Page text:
She lost her vision, but that won't keep this runner from the Twin Cities Marathon

A woman in sunglasses stands in front of a large building.
Laura Sosalla navigates downtown Minneapolis on Wednesday. Sosalla lost her sight after contracting COVID-19.
Evan Frost | MPR News

Over the weekend, MPR News will follow Laura Sosalla and her guides Natalie Elmore and Rachael Bentley throughout their marathon experience including on the 26.2-mile course from Minneapolis to St. Paul. You can follow along with Laura’s experience through

On Sunday morning, 38-year-old Laura Sosalla will stand in a sea of thousands of runners at the starting line of the Twin Cities Marathon outside U.S. Bank Stadium in downtown Minneapolis. By her side will be Natalie Elmore, one of Sosalla’s two guides for the race. Between the two women, a brightly-colored tether that keeps them close enough that they can hear one another on the course.

Elmore’s job for the first 13 miles of the race is to communicate everything along the course to Sosalla, who was declared legally blind in March after months of vision complications following her battle with COVID-19 in November.

The two have been training together for months, along with Rachael Bentley and Laura Brennan. The once predominately solo sport has become one Sosalla can’t do alone, unless she’s on a treadmill and can hold onto the handles next to her.


Sosalla connected with Bentley through an organization called United In Stride, an online database that connects visually impaired runners with sighted guides. Bentley said she created her account in 2019 and communicated with a few women but never actually ran with any of them. Until Sosalla came along.

Bentley and Elmore are sisters, Brennan a neighbor of Sosalla’s mother and step-father. During long runs, the three sighted runners would break up miles to keep a set of fresh legs next to Sosalla, using the bandshell at Lake Harriet as a waiting area until their turn to run came up. For the most part, the group of women looks like any other running group circling the lakes, the tether between Sosalla and her guides is the only indicator of her visual impairment.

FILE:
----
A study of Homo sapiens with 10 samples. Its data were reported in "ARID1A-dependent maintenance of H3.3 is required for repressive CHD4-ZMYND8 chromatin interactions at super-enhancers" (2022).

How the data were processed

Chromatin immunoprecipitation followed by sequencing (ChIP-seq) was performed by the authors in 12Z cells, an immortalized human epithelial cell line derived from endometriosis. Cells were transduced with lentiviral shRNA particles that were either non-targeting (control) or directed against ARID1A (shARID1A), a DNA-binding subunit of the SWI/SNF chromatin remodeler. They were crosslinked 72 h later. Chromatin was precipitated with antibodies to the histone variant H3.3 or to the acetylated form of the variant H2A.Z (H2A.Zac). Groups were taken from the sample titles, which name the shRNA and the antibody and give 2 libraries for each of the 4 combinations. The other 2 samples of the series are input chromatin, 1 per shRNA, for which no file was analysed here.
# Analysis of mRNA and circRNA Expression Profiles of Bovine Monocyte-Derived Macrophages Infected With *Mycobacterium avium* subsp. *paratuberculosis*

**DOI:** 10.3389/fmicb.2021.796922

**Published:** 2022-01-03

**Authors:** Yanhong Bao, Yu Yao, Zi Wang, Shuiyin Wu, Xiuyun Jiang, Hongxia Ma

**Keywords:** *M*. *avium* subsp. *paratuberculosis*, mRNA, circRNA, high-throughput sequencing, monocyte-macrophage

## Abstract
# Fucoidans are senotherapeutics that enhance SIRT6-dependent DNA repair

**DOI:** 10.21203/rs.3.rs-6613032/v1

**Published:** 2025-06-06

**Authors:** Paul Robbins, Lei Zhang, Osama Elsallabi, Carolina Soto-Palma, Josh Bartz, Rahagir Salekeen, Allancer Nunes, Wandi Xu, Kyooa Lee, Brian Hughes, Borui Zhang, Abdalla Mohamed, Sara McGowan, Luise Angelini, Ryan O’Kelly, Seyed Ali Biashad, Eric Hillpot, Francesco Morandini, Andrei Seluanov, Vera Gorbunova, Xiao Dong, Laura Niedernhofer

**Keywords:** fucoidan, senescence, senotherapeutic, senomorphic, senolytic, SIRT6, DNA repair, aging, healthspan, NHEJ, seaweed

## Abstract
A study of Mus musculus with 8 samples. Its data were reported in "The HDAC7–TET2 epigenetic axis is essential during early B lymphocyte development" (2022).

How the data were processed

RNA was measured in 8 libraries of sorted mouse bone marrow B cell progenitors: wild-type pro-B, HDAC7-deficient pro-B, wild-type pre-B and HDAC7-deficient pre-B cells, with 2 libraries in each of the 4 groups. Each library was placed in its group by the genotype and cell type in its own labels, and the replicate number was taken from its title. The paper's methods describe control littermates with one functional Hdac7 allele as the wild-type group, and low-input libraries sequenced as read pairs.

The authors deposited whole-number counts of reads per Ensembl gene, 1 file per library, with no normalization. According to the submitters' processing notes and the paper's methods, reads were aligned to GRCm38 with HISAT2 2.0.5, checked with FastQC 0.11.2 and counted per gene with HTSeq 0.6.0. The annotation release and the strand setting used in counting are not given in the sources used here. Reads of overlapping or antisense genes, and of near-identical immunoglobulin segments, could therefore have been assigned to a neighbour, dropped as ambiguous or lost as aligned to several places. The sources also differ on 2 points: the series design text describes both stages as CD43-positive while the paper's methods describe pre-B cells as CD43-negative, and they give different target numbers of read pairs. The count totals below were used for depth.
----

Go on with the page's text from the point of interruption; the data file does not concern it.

A woman in blue with a cane walks up stairs.
Laura Sosalla navigates a flight of stairs up to a light rail platform in Minneapolis on Wednesday.
Evan Frost | MPR News

Sunday will be Sosalla’s second marathon. She ran the Twin Cities Marathon when she was 21 but said she didn’t commit enough time to training. This time, she’s done the training but will be up against a different challenge — running in a sea of people while focusing on the voice next to her as her guide.

Running has given Sosalla a sense of freedom and empowerment. Something for her to control, to focus on while her world felt uncertain and overwhelming. It also makes her eyes feel better, the added blood flow providing some relief from the constant pressure she has felt since her vision started changing ten months ago.

The women have dubbed themselves the Mediocre Marathoners, setting a goal of finishing the marathon in under five hours. For Sosalla, the race itself is so much bigger than the miles she will put in. It’s a reminder of how far she’s come, what she’s been able to build on days when it has felt like everything she had is gone.

Laura Sosalla joined MPR News host Cathy Wurzer on Morning Edition. Use the audio player above to listen to their full conversation.